Tired of checking your tires for air? No problem!
Having enough air in our tires is a safety check American's just don't seem to be able to handle. Now, Michelin may take air out of the safety equation with their revolutionary new "Tweel," a combination of tire and wheel that rides on rubber permanently attached to flexible spokes fused with a flexible wheel that deforms to absorb shock. Checking tire pressure, fixing flats, highway blowouts and balancing between traction and comfort could all fade into memory—if the Tweel becomes real.
Over a hundred years ago, in the 1890s, the Michelin brothers were the first to use air-filled tires on a racecar. Almost 60 years ago, the company introduced the radial tire.
"Major revolutions in mobility may come along only once in a hundred years," said Terry Gettys, president of Michelin Americas Research and Development Center in Greenville, S.C. "But a new century has dawned and Tweel has proven its potential to transform mobility. Tweel enables us to reach levels of performance that quite simply aren't possible with today's conventional pneumatic technology." Gettys said the name Tweel was created to represent the fusion of tire and wheel. He added it is "one of the most exciting breakthroughs in tire technology in my lifetime."
At the Detroit Auto Show, Michelin showed a video with an Audi A4 running on concept auto Tweels. The Tweel doesn't look like a conventional tire, you can see through it, but it has some unconventional aspects that are drawing attention from the U.S. military. Stopping to repair flats can be dangerous for soldiers, making them vulnerable to ambushes. Landmines and other explosives can disable trucks. Preliminary tests by Michelin show that the Tweel can run over explosives and keep on rolling even if some of the spokes are broken and some tread ripped off. It also directs the blast energy of land mines and other explosives outward rather than up and into the vehicle like traditional tires.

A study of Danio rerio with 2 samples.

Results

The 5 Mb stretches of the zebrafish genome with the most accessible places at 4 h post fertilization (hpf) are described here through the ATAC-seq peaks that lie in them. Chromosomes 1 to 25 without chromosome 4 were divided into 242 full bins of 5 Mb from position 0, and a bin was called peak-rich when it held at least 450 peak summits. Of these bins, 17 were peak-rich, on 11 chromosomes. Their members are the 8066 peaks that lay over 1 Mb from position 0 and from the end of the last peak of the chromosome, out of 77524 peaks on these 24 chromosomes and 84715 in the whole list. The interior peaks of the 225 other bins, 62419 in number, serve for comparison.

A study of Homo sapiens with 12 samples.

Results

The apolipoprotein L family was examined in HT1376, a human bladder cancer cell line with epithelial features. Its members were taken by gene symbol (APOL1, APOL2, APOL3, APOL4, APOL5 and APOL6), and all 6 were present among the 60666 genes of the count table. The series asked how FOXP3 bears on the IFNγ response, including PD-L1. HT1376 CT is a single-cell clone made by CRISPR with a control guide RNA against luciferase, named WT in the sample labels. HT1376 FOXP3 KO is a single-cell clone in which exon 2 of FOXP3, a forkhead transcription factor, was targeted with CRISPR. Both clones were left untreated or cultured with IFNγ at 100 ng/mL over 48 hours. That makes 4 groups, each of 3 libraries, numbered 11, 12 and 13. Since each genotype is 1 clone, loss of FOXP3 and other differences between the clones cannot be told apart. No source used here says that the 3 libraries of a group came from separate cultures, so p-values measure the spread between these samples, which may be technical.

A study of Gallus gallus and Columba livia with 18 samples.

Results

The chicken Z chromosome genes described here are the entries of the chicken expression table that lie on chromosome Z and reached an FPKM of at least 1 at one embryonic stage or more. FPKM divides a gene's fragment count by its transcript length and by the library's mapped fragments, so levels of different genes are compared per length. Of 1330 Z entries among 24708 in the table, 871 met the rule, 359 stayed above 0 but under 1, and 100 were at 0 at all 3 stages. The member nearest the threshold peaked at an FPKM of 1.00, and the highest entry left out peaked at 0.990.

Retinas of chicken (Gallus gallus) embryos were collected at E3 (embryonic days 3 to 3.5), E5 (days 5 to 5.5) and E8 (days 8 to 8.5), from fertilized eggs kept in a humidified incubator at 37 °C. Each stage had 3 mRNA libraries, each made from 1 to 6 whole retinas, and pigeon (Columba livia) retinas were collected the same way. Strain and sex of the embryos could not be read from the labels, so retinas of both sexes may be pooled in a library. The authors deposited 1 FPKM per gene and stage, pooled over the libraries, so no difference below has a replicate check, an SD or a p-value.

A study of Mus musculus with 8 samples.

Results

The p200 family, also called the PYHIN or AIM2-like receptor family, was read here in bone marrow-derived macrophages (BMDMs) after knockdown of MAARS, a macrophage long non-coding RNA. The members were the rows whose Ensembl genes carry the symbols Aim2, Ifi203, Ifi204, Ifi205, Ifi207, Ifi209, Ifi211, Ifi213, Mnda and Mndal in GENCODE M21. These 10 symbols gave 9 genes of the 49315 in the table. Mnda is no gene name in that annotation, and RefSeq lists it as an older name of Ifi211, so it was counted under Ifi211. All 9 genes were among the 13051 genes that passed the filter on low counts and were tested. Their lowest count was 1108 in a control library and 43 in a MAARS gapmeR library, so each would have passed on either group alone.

"The Tweel automotive application, as demonstrated on the Audi, is definitely a concept, a stretch application with strong future potential," said Gettys. "Our concentration is to enter the market with lower-speed, lower-weight Tweel applications. What we learn from our early successes will be applied to Tweel for passenger cars and beyond."
Michelin has also found that it can tune Tweels so vertical stiffness (which primarily affects ride comfort) and lateral stiffness (which affects handling and cornering) can both be optimized, and enable performance not possible for current inflated tires. The Tweel prototype, demonstrated on the Audi A4, is within one percent of the fuel economy of current tires. Michelin has also increased the lateral stiffness by a factor of five, making the prototype unusually responsive.
Michelin estimates that even with the reliability of today's radials, motorists get a flat every 80,000 miles driven, which can be a nuisance if not a dangerous situation. The National Highway Traffic Safety Administration says that three out of four vehicles have at least one under-inflated tire, which can lead to blowouts, affect the load-carrying capacity of the vehicle, accelerate wear, and reduce performance of the tires. A Tweel, with the same tread depth as a conventional tire, under research conditions, seems to last twice as long. And the Tweel can be re-treaded thereby lengthening its useful life.
Michelin says that radial tire technology will continue as the standard for the foreseeable future, but lessons learned from Tweel research are being applied to improve conventional tires. The first real-world application of Michelin's Tweel is available on a wheel chair—iBOT—invented by Dean Kamen. The iBOT can climb stairs and navigate uneven terrain, offering mobility freedom impossible with traditional wheelchairs. The Segway LLC's Concept Centaur, a prototype that applies self-balancing technology to a four-wheel device, has also been equipped with Tweels to increase its performance potential.
The Tweel probably won't be in the showroom for a least a decade. If all goes well in the lab, Tweels could replace radials, but that is a long-term prediction. It took radials 30 years to replace bias tires and become the universal tire standard.